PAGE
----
Web Browser Cryptography is a Good Thing

Recently I have seen a lot of security experts objecting to the use of Javascript in the browser for cryptography. Most of these objections have been raised in response to the release of two websites that implement their cryptography in Javascript: Nadim Kobeissi's Cryptocat and Kim Dotcom's Mega. In response to the objections, I give a very high-level description of a code signing system that could make it safe to do cryptography in Javascript, and argue that we should start working at making web browser cryptography secure.

Objections to Web Browser Cryptography

The objections fall into three categories, which I will address individually.

  1. The security of a website that does cryptography in Javascript depends on the security of SSL.

    This is currently the case. If an attacker can break SSL, they can modify the Javascript code as it's being sent to the browser and insert some bit of code that leaks all of the cryptographic keys. We have good reasons to doubt the security of SSL, too. The recent Certificate Authority (CA) breaches (DigiNotar, etc.), and the general idea that hundreds of CAs, in countries all around the world, have the power to intercept our SSL connections, are all good reasons to avoid depending on the security of SSL.

    It's important to note that it's SSL's PKI—the entities we've chosen to trust—that we have problems with, not the SSL protocol itself (although there have been some problems with that too). Therefore, to make Javascript cryptography secure we have to provide code integrity checking without relying on the SSL PKI.

    One approach to removing the dependency on SSL's PKI would be to develop a code signing infrastructure for the web. Such an infrastructure would not only be useful for integrity checking cryptography code, but could be used to mitigate XSS attacks. It doesn't need to be very complicated, either. A browser add-on containing the web site owner's public key could verify a signature attached to the code before allowing it to execute. The problem of distributing the web site owner's public key remains, but the code signing keys would be expected to have long lives, so users would have good reason to be very suspicious when the public key changes (unlike SSL). A Trust On First Use (TOFU) model, through SSL, is probably sufficient. Or maybe the keys can be distributed through DNSSEC.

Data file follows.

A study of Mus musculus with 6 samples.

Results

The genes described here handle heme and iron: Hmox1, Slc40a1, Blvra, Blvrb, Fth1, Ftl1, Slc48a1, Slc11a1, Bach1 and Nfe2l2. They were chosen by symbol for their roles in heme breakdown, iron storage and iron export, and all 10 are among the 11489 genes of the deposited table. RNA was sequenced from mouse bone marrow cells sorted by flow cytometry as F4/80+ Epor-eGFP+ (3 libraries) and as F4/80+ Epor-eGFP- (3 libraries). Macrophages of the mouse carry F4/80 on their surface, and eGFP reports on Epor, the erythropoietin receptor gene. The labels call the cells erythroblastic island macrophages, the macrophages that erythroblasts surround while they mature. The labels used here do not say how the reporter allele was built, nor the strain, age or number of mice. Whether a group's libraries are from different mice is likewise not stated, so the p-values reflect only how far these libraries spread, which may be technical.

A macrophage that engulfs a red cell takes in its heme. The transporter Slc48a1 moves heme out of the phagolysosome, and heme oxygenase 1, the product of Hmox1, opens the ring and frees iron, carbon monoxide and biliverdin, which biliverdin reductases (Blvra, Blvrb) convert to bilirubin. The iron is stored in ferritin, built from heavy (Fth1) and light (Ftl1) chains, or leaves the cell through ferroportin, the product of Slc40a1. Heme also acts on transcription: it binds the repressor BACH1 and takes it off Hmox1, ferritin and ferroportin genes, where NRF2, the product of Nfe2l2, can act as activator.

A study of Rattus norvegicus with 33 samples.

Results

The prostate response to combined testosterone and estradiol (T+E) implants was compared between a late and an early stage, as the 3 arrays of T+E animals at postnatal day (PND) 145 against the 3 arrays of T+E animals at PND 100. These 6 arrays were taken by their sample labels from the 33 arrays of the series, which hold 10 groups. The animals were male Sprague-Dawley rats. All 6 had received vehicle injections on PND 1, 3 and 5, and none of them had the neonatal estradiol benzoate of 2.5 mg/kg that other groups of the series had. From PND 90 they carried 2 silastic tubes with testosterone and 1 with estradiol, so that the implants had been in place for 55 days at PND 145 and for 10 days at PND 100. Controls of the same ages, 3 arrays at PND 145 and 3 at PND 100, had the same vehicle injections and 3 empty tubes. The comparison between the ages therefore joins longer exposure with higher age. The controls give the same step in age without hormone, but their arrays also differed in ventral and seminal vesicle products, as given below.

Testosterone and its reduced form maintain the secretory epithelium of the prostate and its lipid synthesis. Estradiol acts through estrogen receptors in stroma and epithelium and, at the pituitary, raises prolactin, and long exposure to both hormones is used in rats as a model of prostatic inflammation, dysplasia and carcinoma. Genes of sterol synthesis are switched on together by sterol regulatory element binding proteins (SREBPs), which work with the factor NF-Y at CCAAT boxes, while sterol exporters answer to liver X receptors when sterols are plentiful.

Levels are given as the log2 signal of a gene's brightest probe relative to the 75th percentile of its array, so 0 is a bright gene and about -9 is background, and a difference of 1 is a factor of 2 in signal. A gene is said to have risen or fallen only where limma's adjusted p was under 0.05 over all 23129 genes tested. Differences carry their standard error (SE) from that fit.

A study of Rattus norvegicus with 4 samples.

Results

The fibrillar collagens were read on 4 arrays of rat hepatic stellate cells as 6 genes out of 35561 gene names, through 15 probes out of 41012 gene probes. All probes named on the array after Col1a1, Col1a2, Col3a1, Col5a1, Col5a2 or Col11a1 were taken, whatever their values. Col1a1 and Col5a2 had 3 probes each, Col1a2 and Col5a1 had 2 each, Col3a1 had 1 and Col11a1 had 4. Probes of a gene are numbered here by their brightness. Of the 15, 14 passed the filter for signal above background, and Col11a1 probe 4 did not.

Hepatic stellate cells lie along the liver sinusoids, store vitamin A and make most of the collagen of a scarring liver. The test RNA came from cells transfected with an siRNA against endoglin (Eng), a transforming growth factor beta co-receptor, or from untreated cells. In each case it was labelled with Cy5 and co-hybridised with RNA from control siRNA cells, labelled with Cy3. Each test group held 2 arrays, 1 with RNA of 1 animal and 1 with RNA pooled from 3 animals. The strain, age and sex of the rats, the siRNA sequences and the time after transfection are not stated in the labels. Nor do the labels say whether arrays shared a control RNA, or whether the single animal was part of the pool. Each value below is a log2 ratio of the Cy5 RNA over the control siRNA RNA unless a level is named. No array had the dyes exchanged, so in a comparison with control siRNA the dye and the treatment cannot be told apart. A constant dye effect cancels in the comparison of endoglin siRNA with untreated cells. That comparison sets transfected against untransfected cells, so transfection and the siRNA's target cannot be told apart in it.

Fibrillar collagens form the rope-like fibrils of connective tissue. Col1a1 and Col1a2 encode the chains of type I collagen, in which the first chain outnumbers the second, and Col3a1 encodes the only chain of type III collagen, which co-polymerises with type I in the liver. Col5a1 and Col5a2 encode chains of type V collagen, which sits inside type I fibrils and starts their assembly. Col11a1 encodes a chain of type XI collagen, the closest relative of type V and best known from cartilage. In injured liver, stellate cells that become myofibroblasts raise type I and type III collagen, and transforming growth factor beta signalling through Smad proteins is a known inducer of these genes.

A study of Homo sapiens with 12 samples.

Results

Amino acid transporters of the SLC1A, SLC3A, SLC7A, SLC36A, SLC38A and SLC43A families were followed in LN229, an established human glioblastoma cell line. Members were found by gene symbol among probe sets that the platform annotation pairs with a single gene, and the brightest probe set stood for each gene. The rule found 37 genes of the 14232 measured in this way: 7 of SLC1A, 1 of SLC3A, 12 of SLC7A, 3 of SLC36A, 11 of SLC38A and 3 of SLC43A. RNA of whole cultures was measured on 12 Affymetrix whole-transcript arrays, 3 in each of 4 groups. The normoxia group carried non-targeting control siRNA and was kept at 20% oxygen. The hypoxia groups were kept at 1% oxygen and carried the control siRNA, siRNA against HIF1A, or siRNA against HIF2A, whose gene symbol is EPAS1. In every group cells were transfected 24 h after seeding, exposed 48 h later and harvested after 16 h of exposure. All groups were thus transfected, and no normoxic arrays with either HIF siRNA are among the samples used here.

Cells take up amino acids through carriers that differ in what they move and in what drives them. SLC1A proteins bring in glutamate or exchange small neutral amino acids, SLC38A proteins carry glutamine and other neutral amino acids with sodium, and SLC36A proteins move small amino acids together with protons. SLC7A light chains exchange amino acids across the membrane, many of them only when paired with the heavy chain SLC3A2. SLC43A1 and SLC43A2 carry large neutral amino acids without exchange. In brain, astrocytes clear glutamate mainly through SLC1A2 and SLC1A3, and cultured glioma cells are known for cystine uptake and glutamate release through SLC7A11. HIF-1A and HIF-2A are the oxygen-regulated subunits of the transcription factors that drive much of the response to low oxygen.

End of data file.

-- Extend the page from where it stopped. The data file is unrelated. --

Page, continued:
Such a system would be very simple and easy to implement for different browsers. It could even be standardized and built directly into our browsers or the HTTP protocol. At the very least, it would be more efficient than moving all of the application's client-side logic into a browser extension that has to be maintained for many different browsers (which is what happened to Cryptocat in response to criticism).

  2. You have to trust the machines serving the Javascript code.

    This is also currently the case. But if we suppose the code signing system mentioned above exists and is used, the problem becomes, "You have to trust the people (and machines) who can sign the code." Assuming we've acquired the web site owner's public key securely, then this just says we have to trust the web site owner to not sign malicious code and to keep their private key secret. Now we're no worse off than we are for normal software:

    • Windows users have to trust Microsoft to not include malicious code and to ensure no one else can modify the Windows source code.

    • Firefox users have to trust Mozilla to not let any malicious changes into the Firefox source code.

    • And so on...


  3. Javascript is missing important cryptographic primitives.

    There's a Web Cryptography Standard on the way, but current browsers are lacking essential cryptographic primitives. Most notable is the lack of cryptographically secure random number generator and efficient (native) implementation of key stretching algorithms like PBKDF2. Obviously if we want to do cryptography in the browser, our browsers will have to start providing these things.

Advantages of Web Browser Cryptography

We get some significant advantages by implementing a code signing system and doing cryptography in Javascript:

Conclusion

Being able to do cryptography in the browser opens up a whole new universe of web applications. We can create web sites that know nothing about their users, and we can get people to use cryptography without forcing them to download strange and barely-usable software. The advantages are too great to ignore. Therefore, I suggest that instead of bashing those who try to write cryptography applications for the web browser, we should work together to make web browser cryptography secure.